H. G. Wells (1866)
It was on this date, September 21, 1866, that English author Herbert George Wells, who wrote about 100 books, half of them novels, as H.G. Wells, was born in Bromley, Kent. About his early days he said,
I was indeed a prodigy of Early Impiety....There was a time when I believed in the story and the scheme of salvation, so far as I could understand it, just as there was a time when I believed there was a Devil....Suddenly the light broke through to me and I knew this God was a lie....I sensed it was a silly story long before I dared to admit even to myself that it was a silly story. For indeed it is a silly story, and each generation nowadays swallows it with greater difficulty....Why do people go on pretending about this Christianity?*
He studied biology under Thomas Henry Huxley, but failed to take a degree before turning to literature, the earliest examples of which reflected his scientific learning. But Wells's wide-ranging intellect would not be confined to one area and he delved into history, social criticism, and (naturally) science fiction.
Wells's first successful novel in the sci-fi genre was The Time Machine, a parody of English class division published in the year he married his second wife, Amy Catherine, 1895. He followed that with The Island of Dr. Moreau (1896), The Invisible Man (1897) and War of the Worlds (1898). All four novels have been filmed at least once – and War of the Worlds was memorably, and in some respects tragically, broadcast.
Wells joined the Fabian Society in 1903 out of concern for social reform, but quarreled with fellow member George Bernard Shaw. He became involved with Rebecca West, a writer 26 years his junior in about 1914, as war was engulfing Europe. After the war, Wells published some nonfiction, including the well received by now forgotten Outline of History, published in the same year (1920) in which he met and spoke with Lenin.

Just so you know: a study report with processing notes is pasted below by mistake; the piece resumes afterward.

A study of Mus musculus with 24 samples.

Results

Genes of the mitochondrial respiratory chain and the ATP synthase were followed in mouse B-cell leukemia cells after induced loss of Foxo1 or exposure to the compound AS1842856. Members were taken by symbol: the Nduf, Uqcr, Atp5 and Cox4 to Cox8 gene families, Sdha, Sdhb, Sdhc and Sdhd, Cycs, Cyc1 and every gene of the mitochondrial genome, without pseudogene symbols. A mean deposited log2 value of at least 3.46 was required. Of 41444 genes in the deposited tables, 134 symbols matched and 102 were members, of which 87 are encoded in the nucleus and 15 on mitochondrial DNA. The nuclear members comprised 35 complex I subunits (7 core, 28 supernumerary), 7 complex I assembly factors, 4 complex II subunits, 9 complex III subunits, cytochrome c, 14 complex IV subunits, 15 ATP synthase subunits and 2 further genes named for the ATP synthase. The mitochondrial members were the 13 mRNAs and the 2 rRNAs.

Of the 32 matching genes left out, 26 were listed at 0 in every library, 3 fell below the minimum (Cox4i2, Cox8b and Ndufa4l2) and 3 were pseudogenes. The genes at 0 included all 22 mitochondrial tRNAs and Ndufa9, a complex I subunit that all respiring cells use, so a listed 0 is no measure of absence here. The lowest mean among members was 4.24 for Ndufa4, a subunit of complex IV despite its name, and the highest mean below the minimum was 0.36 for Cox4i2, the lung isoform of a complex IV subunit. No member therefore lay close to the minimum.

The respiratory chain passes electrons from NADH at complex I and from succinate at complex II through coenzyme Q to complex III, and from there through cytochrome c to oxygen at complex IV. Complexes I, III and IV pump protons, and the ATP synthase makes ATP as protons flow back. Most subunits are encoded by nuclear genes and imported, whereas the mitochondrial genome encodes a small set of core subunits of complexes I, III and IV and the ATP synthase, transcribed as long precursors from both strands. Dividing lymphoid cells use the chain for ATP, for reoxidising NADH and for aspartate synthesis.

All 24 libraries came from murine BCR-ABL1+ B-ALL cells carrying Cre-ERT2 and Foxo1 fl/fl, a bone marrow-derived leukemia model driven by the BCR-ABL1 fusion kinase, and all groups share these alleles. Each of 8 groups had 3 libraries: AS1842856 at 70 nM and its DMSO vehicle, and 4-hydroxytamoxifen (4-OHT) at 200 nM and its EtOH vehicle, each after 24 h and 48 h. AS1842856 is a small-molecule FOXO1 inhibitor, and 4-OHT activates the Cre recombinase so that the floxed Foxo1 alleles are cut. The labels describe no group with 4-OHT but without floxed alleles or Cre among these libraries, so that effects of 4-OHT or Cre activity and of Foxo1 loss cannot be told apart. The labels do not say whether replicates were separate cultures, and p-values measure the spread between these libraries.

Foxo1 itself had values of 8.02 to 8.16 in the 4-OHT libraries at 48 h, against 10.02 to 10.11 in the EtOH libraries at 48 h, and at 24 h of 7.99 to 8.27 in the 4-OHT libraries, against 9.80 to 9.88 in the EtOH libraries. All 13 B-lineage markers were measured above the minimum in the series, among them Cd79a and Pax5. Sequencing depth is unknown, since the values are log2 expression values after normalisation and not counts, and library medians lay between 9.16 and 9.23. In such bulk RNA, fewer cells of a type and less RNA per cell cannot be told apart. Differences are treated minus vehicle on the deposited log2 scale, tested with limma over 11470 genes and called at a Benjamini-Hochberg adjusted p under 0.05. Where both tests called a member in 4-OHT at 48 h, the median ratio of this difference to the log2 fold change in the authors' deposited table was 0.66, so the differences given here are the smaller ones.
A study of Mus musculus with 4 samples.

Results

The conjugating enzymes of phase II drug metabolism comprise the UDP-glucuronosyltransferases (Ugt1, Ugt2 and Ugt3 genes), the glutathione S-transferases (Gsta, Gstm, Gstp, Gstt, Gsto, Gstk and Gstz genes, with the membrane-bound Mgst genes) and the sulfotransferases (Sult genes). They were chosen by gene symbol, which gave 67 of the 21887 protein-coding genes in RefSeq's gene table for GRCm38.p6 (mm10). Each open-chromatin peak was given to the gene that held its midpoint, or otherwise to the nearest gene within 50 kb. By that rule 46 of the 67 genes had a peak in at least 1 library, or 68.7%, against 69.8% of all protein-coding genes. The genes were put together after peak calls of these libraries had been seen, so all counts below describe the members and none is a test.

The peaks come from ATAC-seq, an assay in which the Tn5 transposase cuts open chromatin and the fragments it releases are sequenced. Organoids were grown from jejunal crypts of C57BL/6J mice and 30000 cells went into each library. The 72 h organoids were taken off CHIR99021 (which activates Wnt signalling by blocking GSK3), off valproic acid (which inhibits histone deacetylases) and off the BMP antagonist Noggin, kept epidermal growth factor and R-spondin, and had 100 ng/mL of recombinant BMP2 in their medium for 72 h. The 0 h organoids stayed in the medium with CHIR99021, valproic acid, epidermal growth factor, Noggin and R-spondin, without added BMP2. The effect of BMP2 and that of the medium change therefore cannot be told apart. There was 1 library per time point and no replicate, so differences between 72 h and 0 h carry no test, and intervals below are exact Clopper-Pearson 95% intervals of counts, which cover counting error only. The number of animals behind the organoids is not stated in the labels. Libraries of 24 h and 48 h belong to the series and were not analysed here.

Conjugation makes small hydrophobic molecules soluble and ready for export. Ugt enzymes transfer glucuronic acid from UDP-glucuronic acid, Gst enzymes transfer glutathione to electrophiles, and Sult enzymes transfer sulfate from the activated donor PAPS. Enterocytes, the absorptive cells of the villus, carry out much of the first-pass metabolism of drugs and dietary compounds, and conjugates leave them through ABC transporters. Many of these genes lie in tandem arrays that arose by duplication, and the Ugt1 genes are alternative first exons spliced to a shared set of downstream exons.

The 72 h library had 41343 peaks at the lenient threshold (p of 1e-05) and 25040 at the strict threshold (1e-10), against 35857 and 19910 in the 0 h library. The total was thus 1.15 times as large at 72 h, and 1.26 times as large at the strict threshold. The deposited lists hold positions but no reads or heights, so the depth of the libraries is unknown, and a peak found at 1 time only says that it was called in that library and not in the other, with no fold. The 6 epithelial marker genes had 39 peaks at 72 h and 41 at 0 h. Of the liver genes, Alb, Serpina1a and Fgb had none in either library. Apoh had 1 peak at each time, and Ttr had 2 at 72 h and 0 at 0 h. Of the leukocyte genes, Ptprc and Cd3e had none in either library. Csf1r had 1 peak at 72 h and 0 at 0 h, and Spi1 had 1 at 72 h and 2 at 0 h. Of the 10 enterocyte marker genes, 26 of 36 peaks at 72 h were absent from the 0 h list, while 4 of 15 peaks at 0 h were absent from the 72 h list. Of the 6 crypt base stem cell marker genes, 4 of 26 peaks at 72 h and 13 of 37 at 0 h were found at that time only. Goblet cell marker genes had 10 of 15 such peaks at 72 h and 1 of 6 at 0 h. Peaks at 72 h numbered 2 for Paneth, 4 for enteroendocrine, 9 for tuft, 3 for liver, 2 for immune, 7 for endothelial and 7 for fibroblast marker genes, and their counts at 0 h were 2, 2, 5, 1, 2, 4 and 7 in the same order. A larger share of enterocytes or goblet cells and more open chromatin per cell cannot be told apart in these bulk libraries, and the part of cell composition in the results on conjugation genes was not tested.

Although Wells used caustic language about the Christian idea of God in his earlier works, he had an open-minded belief in a "divine will" – perhaps allowing his wishful thinking to posit such an ideal for the good of humanity, as he developed it in his God the Invisible King (1917). He abandoned that idea in his 1934 Experiment in Autobiography. Wells observes, perhaps too hopefully,
Indeed Christianity passes. Passes — it has gone! It has littered the beaches of life with churches, cathedrals, shrines and crucifixes, prejudices and intolerances, like the sea urchin and starfish and empty shells and lumps of stinging jelly upon the sands here after a tide. A tidal wave out of Egypt. And it has left a multitude of little wriggling theologians and confessors and apologists hopping and burrowing in the warm nutritious sand. But in the hearts of living men, what remains of it now? Doubtful scraps of Arianism. Phrases. Sentiments. Habits.**
Wells slipped more into an aggressive Agnosticism in his later years. In a September 1941 speech to the British Association, he spoke of the "dead religions that cumber the world" and said that "a dead religion is like a dead cat – the stiffer and more rotten it is, the better it is as a missile weapon."†
H.G. Wells died an Atheist on 13 August 1946. It was Wells who said, "I do not believe in the least that either the body of H.G. Wells or his personality is immortal."
* H.G. Wells, Experiment in Autobiography, 1934, quoted in from Ira D. Cardiff, What Great Men Think of Religion, 1945; repr. 1972.
** Quoted in from Ira D. Cardiff, What Great Men Think of Religion, 1945; repr. 1972.
† As reported in the News-Chronicle, 29 September 1941.
Originally published September 2003 by Ronald Bruce Meyer.
Heine's works carry many caustic references to religion — and a warning: "Wherever books will be burned, men also, in the end, are burned.